October 2017: LIHEAP National News Wrap Up


October Blog LIHEAP


Writing and Reporting by Jake Brown


With parts of the South ravaged by the repeated battering of hurricanes throughout the Gulf Coast states in September and October, the rush to restore electric grids put extra pressure on thousands of economically vulnerable homes. Millions of homes lost power heading into fall enrollment season, and LIHEAP wound up contributing in the recovery efforts. The Center for American Progress reported in October that "Puerto Rico receives federal funding under LIHEAP to provide cooling, crisis, and weatherization assistance. Congress should provide Puerto Rico with LIHEAP emergency contingency funding to meet additional utility and weatherization assistance needs due to Maria."


That trend followed the Eastern coastline up to Massachusetts, where Rep. Bill Keating warned that "LIHEAP can mean the difference between life and death for many people across the country, especially households with seniors or children.  As we quickly approach the colder weather months, it is imperative that we release the maximum amount of funds available for this program so we not only alleviate some of the burden of high energy costs for our families, but also provide critical assistance to countless Americans suffering from the effects of the recent hurricanes.”


Back in the Midwest, up in Iowa, where corn fields were already starting to see frost turn to freeze, local Washington, IA, radio station KCII delivered news to listening rural residents that "some people may already be thinking about the cost of upcoming winter heating bills." The station reported that General Assistance Director Sue Rich noted that services were already in high demand for the coming winter season.


Indeed, a chorus of similar calls were pouring in around the country as cold fronts began rolling in to cities like Louisville, where Kentucky's Brandon O'Neal of the Louisville Metro Department of Community Services revealed an innovative system to help increase the speed at which applicants are serviced, explaining that "this year, we have implemented the appointment system.  This is the second year that we are utilizing it and no more long lines.  We want to help everyone, that's why we want to get the word out," adding proudly that "last year, we helped over 25,000 families."

Illustrating just how much those families his and hundreds of other CAAs around the state need the assistance of LIHEAP, Maurice Beckley, a local resident bravely spoke out publicly in support of the program and the difference it makes in his life personally like so many retirees living on a fixed income, candidly stating that LIHEAP "was a blessing in the sky that the program was there for people like me.   You don't want to wait until last minute," underscoring the program is essential to his keeping the heat on as he points to last winter where  "I had one for like $263 like three months in a row."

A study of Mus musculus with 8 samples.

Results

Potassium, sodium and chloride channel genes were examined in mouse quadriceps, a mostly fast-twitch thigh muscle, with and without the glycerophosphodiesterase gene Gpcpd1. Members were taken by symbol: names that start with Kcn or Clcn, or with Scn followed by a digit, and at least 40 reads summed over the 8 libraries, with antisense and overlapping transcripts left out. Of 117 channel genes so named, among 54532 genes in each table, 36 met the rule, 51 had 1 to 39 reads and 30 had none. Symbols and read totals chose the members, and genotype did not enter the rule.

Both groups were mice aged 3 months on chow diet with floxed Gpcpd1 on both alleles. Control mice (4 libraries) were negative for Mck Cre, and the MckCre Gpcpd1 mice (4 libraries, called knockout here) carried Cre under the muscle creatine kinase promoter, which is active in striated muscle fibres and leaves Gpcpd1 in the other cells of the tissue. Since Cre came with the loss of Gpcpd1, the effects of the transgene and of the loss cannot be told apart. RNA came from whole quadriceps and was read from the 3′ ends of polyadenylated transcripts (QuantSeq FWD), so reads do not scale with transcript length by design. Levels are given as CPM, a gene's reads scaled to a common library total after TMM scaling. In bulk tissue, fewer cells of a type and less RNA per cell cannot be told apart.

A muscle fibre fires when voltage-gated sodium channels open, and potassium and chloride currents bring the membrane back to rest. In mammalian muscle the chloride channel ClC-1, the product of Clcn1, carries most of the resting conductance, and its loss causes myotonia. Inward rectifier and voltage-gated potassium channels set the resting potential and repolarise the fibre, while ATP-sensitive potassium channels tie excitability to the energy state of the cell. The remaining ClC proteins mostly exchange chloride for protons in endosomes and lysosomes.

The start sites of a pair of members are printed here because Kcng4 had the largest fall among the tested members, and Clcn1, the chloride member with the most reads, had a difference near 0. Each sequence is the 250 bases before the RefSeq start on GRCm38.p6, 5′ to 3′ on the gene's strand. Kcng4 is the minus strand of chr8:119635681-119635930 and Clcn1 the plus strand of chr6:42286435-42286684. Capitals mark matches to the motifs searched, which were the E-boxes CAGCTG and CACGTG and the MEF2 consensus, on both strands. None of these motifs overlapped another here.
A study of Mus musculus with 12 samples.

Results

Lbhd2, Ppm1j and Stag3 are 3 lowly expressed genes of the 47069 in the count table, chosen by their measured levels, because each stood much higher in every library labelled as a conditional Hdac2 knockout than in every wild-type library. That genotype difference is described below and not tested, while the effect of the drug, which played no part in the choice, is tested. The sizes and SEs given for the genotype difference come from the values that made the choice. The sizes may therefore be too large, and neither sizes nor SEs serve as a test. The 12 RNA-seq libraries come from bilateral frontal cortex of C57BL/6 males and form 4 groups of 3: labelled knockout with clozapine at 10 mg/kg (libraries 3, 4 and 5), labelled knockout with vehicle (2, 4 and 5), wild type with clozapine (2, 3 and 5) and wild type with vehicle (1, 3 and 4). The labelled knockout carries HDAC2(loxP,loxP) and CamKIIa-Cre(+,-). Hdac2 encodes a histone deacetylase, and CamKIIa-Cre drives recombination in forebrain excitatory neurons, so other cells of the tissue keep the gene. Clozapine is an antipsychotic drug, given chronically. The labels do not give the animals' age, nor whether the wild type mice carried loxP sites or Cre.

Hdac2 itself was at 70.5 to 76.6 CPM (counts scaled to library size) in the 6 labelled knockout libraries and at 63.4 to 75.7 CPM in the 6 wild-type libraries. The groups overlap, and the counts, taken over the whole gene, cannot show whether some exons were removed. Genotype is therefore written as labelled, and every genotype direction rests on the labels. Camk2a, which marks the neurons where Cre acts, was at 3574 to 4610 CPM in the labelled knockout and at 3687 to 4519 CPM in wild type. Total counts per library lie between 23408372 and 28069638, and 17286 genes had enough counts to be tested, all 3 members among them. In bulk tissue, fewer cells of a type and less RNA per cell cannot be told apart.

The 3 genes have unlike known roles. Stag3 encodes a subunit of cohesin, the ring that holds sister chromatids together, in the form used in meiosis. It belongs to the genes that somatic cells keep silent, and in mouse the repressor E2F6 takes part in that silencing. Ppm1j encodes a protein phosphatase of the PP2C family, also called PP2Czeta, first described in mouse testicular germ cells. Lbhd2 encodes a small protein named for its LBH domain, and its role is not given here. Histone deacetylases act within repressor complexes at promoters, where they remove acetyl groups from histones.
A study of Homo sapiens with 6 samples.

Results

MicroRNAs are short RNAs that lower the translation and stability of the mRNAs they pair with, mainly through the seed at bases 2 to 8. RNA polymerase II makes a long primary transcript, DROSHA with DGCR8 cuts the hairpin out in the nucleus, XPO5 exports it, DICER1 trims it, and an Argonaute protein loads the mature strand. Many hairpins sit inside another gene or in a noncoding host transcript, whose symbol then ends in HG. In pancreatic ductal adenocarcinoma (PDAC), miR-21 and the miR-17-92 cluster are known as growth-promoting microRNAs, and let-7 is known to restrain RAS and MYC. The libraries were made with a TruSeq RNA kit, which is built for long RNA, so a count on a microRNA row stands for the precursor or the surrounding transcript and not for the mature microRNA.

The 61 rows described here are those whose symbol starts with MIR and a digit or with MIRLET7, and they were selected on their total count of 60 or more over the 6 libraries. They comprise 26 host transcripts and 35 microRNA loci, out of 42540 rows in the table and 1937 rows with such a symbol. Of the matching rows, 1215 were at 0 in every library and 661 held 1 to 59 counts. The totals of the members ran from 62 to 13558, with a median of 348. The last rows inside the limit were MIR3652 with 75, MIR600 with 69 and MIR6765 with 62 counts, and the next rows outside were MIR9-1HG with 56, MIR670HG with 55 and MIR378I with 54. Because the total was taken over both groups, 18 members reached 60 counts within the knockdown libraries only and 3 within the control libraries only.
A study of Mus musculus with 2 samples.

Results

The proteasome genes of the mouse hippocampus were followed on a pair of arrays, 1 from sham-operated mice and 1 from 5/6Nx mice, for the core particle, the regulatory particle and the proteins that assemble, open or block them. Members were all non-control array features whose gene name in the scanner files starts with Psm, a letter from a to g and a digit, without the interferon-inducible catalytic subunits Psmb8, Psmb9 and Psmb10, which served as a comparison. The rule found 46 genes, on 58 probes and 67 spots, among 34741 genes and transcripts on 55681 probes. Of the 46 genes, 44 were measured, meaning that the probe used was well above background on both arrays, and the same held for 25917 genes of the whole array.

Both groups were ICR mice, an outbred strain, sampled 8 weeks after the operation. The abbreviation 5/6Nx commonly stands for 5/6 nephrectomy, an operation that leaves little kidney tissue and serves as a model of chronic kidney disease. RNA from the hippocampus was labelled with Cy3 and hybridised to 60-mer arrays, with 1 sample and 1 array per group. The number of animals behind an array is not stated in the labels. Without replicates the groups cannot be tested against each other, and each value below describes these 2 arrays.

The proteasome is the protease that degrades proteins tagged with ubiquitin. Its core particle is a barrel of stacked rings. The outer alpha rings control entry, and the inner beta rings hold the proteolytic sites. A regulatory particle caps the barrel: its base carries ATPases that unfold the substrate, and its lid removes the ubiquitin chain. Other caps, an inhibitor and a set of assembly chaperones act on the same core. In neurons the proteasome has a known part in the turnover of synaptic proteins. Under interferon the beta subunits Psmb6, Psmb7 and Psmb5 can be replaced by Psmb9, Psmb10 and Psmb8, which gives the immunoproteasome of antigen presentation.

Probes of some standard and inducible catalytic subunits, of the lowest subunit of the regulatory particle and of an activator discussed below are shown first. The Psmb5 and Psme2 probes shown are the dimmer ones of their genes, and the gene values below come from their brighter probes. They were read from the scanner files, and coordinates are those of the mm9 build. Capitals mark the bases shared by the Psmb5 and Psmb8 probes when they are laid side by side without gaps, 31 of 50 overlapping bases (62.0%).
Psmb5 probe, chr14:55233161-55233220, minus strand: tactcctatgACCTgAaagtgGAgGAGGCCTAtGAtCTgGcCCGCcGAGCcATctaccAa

Pennsylvania-based PPL Electric Utilities took advantage of the Halloween holiday to get the word out to customers to sign up those families needing assistance this winter. Local paper, the Standard Speaker, shared the news the unique approach that of hosting a free, family-friendly event that combined energy savings with fun activities. "The PPL Energy Savings Day will offer community assistance services, energy education, entertainment and several giveaways," and the event was held on conjunction with the YWCA's Trick or Treat Trail, a Halloween event for children in the community between the ages of 2 and 8. Attractions include demonstrations on home weatherization, health screenings, a petting zoo, a bicycle rodeo teaching bicycle safety to children, children’s entertainment, food vendors and more.


Maine's U.S. Senator Angus King used his media spotlight to shine a light on the continued importance year in and out that LIHEAP makes to his constituents, offering his matter-of-fact assessment to local television station WBAI Channel 5 that "it means sometimes the difference between heat and medicine for example. It's a tragic choice that people should not be put to. LIHEAP is of enormous importance to the northern tier of the United States and has been important to Maine for as long as I can remember. The bad news is the President zeroed it out in the budget. The good news is the House and Senate Appropriations Committee have put it back in at last year's level."